Wednesday, April 16, 2014

Stories & Photos #3: An Eclectic Mix

Like our squirrel at home who leaps from the roof to the fir tree when I chase him from the bird feeder, Anne and I will leap across the big Atlantic pond next week for our spring fling in Scotland.  We will be busy shopping around our newest book, Golf in Scotland II: Hidden Gems of Scotland and Wales, to golf courses in central Scotland and the Highlands.  We’ll also make a short run to the Dumfries area (southern Scotland) to play golf at a couple of new courses and talk to locals about promoting golf in the south land.  Our next Blog post will come from Scotland.  In the meantime, I hope you enjoy the stories and photos on this post.
Lunar Eclipse of April 15, 2014

Bad Kimberley!

All day while playing golf at the wonderful Moray Old GC in Lossiemouth we’d been looking forward to our dinner at Kimberley Inn on the bay in Findhorn, Scotland.  When we got there we were met by an infestation of flies--really bothersome flies!  The owner came into the pub area with a rolled newspaper and started swatting flies on every table.  Swat...SquishSwipe...Swat...Squish...Swipe!  After killing the buggers he did make a feeble attempt at cleaning up the carnage.  While this was going on our food arrived.  We had ordered our usual: seafood chowder and garlic cheese bread.  The chowder, the specialty of the house, is usually outrageously delicious, overflowing with a variety of local seafood (including langoustines, scallops, haddock, and more).  This day it was watery and lacked both seafood and flavor. It was one of the worst chowders or soups we’ve had anyplace.  The garlic cheese bread was good, but the screaming of wounded flies was quite off-putting.  Was it a new owner, a new cook, or just trying to get by on the cheap?  Whatever, that meal certainly changed our recommendation of the Kimberley Inn.

Photos from the Oregon City Paper Mill from Hwy 99.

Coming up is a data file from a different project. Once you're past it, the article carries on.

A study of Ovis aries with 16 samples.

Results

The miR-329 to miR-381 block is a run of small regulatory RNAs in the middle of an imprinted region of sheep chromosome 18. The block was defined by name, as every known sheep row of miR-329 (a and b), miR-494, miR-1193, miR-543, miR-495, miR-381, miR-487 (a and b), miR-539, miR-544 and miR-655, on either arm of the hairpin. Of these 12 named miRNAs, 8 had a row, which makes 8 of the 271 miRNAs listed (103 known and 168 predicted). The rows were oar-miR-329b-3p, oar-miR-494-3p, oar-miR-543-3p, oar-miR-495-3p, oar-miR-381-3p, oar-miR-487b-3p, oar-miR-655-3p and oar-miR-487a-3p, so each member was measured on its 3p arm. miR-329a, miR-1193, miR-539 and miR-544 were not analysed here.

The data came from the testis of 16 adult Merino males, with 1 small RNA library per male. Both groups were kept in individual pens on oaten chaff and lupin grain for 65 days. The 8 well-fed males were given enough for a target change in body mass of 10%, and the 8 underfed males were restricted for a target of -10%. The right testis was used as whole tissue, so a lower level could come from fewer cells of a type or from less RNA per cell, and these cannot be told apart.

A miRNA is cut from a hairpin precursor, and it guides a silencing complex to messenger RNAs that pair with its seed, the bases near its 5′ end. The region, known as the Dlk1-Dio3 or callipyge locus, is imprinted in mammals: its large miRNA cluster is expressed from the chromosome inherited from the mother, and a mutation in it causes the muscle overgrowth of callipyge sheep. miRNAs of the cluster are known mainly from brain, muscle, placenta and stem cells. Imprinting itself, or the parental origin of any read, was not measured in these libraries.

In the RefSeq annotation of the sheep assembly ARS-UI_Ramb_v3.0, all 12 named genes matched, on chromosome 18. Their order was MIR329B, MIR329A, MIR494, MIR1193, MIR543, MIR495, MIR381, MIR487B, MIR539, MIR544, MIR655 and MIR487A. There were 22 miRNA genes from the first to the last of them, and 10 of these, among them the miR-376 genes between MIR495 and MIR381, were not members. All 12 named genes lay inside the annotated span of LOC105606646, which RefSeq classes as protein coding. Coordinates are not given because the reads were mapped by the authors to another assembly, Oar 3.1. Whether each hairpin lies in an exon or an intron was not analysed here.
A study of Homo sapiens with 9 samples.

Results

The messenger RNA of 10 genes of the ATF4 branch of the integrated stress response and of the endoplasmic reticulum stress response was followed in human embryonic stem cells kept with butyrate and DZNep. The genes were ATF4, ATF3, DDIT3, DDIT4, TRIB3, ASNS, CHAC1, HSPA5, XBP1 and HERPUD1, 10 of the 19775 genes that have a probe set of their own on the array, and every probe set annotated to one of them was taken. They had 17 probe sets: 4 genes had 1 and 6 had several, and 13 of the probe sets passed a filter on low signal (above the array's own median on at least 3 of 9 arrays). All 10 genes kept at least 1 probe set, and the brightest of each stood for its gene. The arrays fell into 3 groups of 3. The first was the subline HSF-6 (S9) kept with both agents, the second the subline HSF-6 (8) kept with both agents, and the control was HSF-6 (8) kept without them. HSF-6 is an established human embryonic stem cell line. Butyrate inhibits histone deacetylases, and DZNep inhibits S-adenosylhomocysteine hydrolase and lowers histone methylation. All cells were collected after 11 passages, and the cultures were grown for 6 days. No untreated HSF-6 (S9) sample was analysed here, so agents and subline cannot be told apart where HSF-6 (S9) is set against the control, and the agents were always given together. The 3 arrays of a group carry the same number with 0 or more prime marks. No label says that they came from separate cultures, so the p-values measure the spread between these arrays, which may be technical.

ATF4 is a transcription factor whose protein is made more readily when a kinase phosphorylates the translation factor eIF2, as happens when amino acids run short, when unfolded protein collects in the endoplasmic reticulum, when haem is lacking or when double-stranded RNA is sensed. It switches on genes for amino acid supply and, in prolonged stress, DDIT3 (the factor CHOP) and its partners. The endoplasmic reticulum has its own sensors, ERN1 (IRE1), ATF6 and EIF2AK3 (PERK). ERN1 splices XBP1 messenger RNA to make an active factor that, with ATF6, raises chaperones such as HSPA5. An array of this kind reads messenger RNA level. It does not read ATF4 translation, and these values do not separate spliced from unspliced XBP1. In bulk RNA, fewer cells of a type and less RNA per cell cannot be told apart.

The Mackerel that Fought Back

One evening in Penzance, Cornwall, we had reservations at the Bakehouse Restaurant--supposedly one of the best eateries in the area.  The Bakehouse is noted for its steaks--I should have had one.  Instead I was seduced by the special--mackerel coated (I thought) in a red wine sauce.  What I got was a whole mackerel coated with masala (a very spicy curry).  At first I thought it was quite spicy, but as I ate more it got hotter and hotter.  I’d finished about half the fish when I realized I had no taste left--I couldn’t even taste the chips let alone any fish flavor.  Anne said I was turning bright red and ordered me a glass of milk and then ordered me to drink it.  I greedily slugged down the milk as well as extra Zantac tablets later.  I still love mackerel, but I didn’t love the one that fought back.

More from the Oregon City mill.

I Won a Surprise

Four Australians (two couples) and one German motorcyclist were at breakfast with us one morning at Merlindale B&B in Crieff.  Jacky (the host) said privately that the Aussies were super cheap and that even though they were avid golfers they’d never buy one of my books.  I said I thought I could sell them one (we always have extras we can sell).  Jacky said, “Wanna bet?”  I replied, “You’re on.  We’ll bet a surprise.”  Betting a surprise is what Anne and I will do to settle a disagreement--loser has to get a surprise for the winner; it doesn’t have to be big or expensive, but it does have to be something nice or good.  Jacky said, “No way you’ll sell a book.  I’ll take that bet.”
I’d talked to the Australians about my writing the evening before when we met in the B&B lounge, so this morning I brought a couple of books with me to breakfast; “just to show what it I did.”  It took one of the wives about three minutes of looking at the travel stories book before she said, “Can I buy one of these?”  I said, “Certainly, for £10.”  Her husband handed me a tenner.  Jacky’s husband John, who had seen the transaction, told Jacky who then came to the dining room door and flipped me off (no one else could see).  She paid off the surprise debt nicely--a Ryder Cup ball marker, spiced peanuts, and a pair of hiking socks.  That, and I got two pounds more for the book than I usually do.

From the Oregon Gardens in Silverton, April 15, 2014.

Parking Must Not Be a German Concept

In the spring of 2012 a group of four Germans booked into our B&B home in central Scotland, Merlindale.  To say that their car parking skills were poor would be a gross understatement.  When they arrived and pulled into the B&B’s parking area with four marked parking bays they took up bays 2, 3, and 4 and blocked in the car parked in bay 1.  Jacky, the B&B owner who speaks fluent German (as well as six other languages) couldn’t make the Germans understand how to park in just one spot without blocking others.  In the end she took their keys and parked their big Merc for them.  The next morning the Germans pulled their car into the middle of the drive so that they could load.  When I tried to leave they had their luggage sprawled all over the drive and had no idea how to move it so I could get by.  Jar Jar Binks would have said, “How Wuud!”

I found these ducks at the Oregon Gardens--couldn't find any beavers, though.